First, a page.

Bits and Bobs

I was thinking it might be nice to have a place where people could share little habits or “hacks” that they use frequently that might not be common knowledge or common practice…little life tidbits if you will.

To start with an anecdote - since graduating undergrad, moving out of dorm housing, and moving into places where I was allowed to burn candles I have accrued…many, many candles. I have some candles that are either sort of generic scents or candles I know I’ll be able to buy again if I want to, but I have a growing number of candles that are, for one reason or another, essentially irreplaceable. Brands that I’ve only seen in one specific store, candles that were exclusive to a subscription box, candles that have some sort of emotional meaning…and these I have a difficult time using. I’m a very sentimental person, and the thought of using up something that’s special in those ways is pretty difficult for me. But with current events, I’m working from home more and finding myself really wanting to use these candles for a little extra comfort. Which brings me to my “hack” for hanging on to these candles while still getting to use them…which I just came up with tonight, as I finished off a subscription box candle that I really loved.

Part 1: Emptying the Jar
I like being able to re-use jars and candle containers, which means needing to clean all the wax off the inside. The method I found to do this was to boil water and (carefully!) pour it into the mostly-empty candle container and let it sit. The boiling water will melt the remaining wax, which is less dense than the water and will float. As the water cools, the wax hardens on top of the water. Once the water is fully cool and the wax solid, you can poke at the disk to either tip it up and pull it out, or crack it into pieces to fish out (depending on the shape of your container).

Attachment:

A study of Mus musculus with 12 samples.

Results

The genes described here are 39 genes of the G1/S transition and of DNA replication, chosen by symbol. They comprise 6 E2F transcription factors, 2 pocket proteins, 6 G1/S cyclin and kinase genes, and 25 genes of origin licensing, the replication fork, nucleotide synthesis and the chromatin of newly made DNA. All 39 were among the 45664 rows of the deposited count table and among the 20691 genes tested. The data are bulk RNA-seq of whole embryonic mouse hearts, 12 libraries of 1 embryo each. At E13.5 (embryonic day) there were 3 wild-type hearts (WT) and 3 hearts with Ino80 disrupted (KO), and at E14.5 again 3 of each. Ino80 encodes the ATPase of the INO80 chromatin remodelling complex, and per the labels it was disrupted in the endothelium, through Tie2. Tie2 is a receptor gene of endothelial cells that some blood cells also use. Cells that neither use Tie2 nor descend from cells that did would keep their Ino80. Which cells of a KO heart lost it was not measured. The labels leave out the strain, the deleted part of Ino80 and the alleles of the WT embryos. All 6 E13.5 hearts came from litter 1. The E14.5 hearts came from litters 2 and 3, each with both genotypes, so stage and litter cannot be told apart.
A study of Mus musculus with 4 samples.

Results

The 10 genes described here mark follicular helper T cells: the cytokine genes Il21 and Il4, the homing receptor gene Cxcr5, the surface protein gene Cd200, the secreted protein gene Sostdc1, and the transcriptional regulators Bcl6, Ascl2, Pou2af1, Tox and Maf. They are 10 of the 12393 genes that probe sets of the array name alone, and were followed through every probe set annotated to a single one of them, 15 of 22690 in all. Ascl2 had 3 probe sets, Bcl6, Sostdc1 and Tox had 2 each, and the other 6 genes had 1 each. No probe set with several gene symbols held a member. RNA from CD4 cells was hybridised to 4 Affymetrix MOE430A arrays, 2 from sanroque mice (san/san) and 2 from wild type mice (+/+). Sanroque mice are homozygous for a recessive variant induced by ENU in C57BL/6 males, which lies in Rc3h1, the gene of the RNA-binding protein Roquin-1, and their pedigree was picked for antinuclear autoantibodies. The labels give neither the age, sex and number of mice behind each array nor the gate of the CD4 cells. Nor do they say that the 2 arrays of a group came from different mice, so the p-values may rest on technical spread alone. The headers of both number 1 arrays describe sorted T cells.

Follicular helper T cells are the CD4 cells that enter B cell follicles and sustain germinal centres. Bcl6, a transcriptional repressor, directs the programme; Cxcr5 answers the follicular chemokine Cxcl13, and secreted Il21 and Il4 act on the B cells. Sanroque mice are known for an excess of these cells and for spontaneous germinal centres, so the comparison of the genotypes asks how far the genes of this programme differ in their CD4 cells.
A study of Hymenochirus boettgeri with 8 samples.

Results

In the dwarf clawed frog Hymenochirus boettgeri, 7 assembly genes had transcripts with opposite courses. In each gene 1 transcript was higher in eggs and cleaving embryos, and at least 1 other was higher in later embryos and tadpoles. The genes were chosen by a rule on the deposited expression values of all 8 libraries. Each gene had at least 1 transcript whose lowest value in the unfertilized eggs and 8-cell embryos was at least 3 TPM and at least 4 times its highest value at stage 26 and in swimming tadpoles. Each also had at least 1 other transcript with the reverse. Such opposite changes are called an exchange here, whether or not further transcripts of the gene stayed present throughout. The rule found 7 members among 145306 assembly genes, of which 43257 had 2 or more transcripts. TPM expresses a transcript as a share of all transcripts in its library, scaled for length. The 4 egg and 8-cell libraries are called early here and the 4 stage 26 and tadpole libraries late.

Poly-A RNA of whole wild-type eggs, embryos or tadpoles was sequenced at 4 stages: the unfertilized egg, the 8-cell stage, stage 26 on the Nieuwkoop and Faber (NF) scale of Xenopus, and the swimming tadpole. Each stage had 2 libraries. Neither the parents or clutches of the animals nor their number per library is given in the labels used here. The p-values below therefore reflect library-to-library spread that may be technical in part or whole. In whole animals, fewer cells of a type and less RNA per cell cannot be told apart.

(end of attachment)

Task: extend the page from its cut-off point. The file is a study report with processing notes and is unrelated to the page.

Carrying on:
Depending on the amount of wax that was left, it may take a couple rounds of boiling water to remove the wax. After the last round, while the container is still warm, I empty the last round of water and wipe the inside with a paper towel to remove any residue inside the container.

Part 2: Rescuing the Wax
Now that you’ve emptied the container, you’re left with some chunks of wick-less candle wax. If you want to keep using it, you could put it in a wax warmer. Or! If you’re ridiculous like me, you can break those large chunks up into smaller chunks and put them into a small container (like a little glass bottle), pop a label on them, and have a little olfactory keepsake.

Here’s the one I did tonight. I didn’t quite pay attention to the warning the came with the candle and I let it burn too long…so follow those instructions and you’ll end up with a bit more wax to hold on to.

Do you have projects to save the last scraps of a favorite fabric? Some way to store tickets or preserve flowers? I’d love to hear the small, every-day habits you all might have!